Digital marketers look for behavioral triggers

online tracking

If you've spent time Google searching and window shopping online, say, on an outdoor retailer's website, dreaming about a $400 graphite fly fishing rod, maybe even putting the fly rod in a shopping cart to keep the fantasy going only to click away when reality bites, you might see the fly rod following you around the Interwebs. It's on your Facebook feed. It's staring at you in a banner ad. It's hyped up in a native advertisement about local fly fishing spots. And it's in an email from the retailer offering a special sale on fly rods. Your fly rod.

It's called the behavioral trigger, one of the most effective weapons of the digital marketer.

The key to unlocking personalized marketing messages that lead to higher conversion rates just might be behavioral triggers. In a nutshell, behavioral triggers are a way to identify a person's recent Web activity (maybe location, too) in order to strike while the iron is hot, so to speak, with targeted messages over many channels.


What’s a trigger?

There are all sorts of user behaviors that can trigger an automated email response: subscribing to a website, visiting a website, abandoning a basket, viewing certain content, downloading a white paper, among other activities. Sending a follow-up email message based on these triggers can lead to really good conversion rates.

"Open rates are double what we see on broadcast email, click-through rates are anywhere from 3-5x, and the biggest thing... an average 48 percent lift in the revenue per user," says CEO Fayez Mohamood at Bluecore, a marketing tech company specializing in behavioral triggers for retailers.

More and more marketers are adopting behavioral triggers, but there's still a long way to go. The number of marketers embracing behavioral triggers grew by 43 percent last year. This is somewhat misleading, because only one out of five marketers use behavioral triggers in email marketing today, says Econsultancy.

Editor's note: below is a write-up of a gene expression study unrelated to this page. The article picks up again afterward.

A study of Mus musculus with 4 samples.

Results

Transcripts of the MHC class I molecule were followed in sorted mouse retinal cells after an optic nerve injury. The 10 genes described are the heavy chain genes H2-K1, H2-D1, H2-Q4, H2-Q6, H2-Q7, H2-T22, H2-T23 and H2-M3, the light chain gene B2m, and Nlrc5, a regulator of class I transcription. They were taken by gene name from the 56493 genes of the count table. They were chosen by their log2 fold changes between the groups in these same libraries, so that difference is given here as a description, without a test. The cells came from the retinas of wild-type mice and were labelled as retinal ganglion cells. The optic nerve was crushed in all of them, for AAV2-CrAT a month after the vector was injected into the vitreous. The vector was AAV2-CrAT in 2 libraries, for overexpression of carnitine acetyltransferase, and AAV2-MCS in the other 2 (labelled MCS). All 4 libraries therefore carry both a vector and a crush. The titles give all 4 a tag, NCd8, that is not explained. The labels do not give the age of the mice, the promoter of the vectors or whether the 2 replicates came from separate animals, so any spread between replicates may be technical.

For one thing, the technology isn't cheap nor as simple as flipping a switch. Bluecore services around 100 brands, with deals ranging in the five to six figures per year, and collectively ingests close to a terabyte of behavioral data every two days.

"It takes a lot of resources to set up triggers," Mohamood says. "Most marketers are used to getting to their tool and setting up broadcast email. If you're thinking about setting up a trigger, first you need a product feed, then you need some analytics about where that trigger happens, then you need to figure out how often you send these triggers, how you frequency cap them, how you prioritize them. It's usually very technically heavy, especially after you do more than two or three triggers."

‘Hey, stop following me’

Privacy concerns can be another roadblock -- as in, are you following me?

There are ways to get around this. For instance, one of Bluecore's retailer customers knows its shoppers don't take too kindly to being tracked. So a behavior-triggered email won't show the exact product an online viewer was looking at, rather the email might be about the general product category. The idea is that the viewer gets an email he's interested in and figures it's merely a coincidence that he had searched for it earlier.


"Here's a big secret: Marketers don't give a sh-t about technology," Dholakia says. "They're actually pissed off about having to figure out all this technology, and they're doing everything in their power to bury it."